The people of “Peeples” make a better impression than most collections of oddballs in the weary mold of comedies centered on meeting the prospective in-laws.
They still overstay their welcome, though.
With a long, boring buildup that finally pays off with scattered laughs in the second half, “Peeples” also manages to leave a better impression than the “Tyler Perry Presents” tag on the posters might imply. This is broad comedy, but nowhere near as broad — or boorish and shrill — as producer Perry's own family adventures (for disclosure's sake, there are screechy relations here, but Perry's Madea fortunately isn't among them).
Craig Robinson moves up from caustic supporting player on “The Office” to show himself an engaging romantic lead in the chubby, lovable, gregarious Jack Black school, while Kerry Washington lightens up from heavier drama as the love of his life, a daddy's girl whose daddy, naturally, doesn't approve.
Screenwriter and first-time director Tina Gordon Chism (her previous scripts include “Drumline”) crafts a predictable “Meet the Parents” riff, though she fills it out with a pleasant supporting cast of kooks who, while not always interesting, at least are not off-putting.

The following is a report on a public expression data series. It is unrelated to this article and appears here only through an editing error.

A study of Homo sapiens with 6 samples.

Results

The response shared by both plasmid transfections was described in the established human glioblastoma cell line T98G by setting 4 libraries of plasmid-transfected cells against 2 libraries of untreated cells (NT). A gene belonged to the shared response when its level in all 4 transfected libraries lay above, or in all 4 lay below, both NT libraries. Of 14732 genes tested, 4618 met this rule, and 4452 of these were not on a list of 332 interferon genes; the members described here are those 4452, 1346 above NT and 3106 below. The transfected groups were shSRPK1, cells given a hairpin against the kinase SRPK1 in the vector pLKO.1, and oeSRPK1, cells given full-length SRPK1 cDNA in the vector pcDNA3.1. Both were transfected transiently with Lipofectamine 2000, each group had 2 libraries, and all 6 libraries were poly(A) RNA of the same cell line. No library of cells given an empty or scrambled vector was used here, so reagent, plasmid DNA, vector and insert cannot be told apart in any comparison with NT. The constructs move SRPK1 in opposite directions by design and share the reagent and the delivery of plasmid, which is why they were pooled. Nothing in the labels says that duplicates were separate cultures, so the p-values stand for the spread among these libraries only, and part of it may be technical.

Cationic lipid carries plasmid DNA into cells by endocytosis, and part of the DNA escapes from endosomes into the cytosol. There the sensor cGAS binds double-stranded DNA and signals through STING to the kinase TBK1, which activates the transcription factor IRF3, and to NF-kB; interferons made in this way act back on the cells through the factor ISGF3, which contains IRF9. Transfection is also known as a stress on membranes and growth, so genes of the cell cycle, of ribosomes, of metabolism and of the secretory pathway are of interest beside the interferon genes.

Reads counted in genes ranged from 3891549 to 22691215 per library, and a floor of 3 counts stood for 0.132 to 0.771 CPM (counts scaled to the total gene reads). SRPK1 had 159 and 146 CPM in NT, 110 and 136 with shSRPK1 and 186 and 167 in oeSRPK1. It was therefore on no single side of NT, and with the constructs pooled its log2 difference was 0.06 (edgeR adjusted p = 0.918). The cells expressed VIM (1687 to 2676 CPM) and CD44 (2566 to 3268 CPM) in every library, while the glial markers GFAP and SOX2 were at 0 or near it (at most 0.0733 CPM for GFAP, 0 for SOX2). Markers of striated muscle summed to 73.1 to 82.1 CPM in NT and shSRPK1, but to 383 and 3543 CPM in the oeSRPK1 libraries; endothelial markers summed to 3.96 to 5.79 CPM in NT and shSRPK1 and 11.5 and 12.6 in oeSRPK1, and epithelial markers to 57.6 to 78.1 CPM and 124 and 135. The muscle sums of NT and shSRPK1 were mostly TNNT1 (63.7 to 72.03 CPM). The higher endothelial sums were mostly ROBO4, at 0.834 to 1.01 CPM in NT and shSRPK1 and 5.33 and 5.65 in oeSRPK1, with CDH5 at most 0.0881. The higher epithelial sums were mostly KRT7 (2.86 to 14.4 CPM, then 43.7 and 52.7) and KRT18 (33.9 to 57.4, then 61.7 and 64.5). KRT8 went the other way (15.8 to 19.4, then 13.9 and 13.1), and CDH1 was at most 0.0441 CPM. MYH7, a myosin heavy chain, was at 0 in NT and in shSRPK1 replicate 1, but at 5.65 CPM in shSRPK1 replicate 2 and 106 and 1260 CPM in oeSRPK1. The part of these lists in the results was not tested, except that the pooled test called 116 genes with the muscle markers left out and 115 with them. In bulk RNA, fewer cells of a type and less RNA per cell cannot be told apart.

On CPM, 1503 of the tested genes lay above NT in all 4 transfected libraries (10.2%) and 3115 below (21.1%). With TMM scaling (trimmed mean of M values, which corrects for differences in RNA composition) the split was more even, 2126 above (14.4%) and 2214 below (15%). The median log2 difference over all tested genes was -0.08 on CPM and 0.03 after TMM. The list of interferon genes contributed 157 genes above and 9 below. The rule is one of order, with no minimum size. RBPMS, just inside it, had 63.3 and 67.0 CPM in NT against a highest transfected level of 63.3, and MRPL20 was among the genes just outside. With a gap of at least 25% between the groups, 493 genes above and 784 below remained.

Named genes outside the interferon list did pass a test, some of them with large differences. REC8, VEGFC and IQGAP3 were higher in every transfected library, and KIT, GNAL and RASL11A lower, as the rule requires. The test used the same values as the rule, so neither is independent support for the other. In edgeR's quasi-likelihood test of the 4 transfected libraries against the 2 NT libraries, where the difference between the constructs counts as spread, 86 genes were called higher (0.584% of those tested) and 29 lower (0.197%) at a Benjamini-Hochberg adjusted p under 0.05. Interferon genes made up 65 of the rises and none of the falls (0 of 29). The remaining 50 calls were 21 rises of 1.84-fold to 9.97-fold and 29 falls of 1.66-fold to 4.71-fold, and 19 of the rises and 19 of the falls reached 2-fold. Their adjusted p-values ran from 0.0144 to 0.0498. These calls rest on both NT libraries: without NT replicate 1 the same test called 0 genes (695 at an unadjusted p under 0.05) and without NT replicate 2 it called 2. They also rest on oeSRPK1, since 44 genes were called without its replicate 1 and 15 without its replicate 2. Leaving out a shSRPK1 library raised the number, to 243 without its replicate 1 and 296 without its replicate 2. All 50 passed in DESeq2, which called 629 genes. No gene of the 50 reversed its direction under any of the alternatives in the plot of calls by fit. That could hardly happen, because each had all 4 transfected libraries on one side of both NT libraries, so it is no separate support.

Robinson's Wade Walker is a children's entertainer who somehow landed gorgeous, career-driven United Nations lawyer Grace Peeples (Washington). They've been together for a year, yet Grace hasn't introduced Wade to her well-to-do family (the “chocolate Kennedys,” Wade calls them, staring at a photo of the Peeples clan looking rich and beautiful).
After Grace ducks out for an annual gathering at the family's Long Island vacation home, Wade decides to force the issue, crashing the party intending to propose to Grace over the weekend, in the bosom of her family. Yeah, that's a plan that's sure to work out well for him.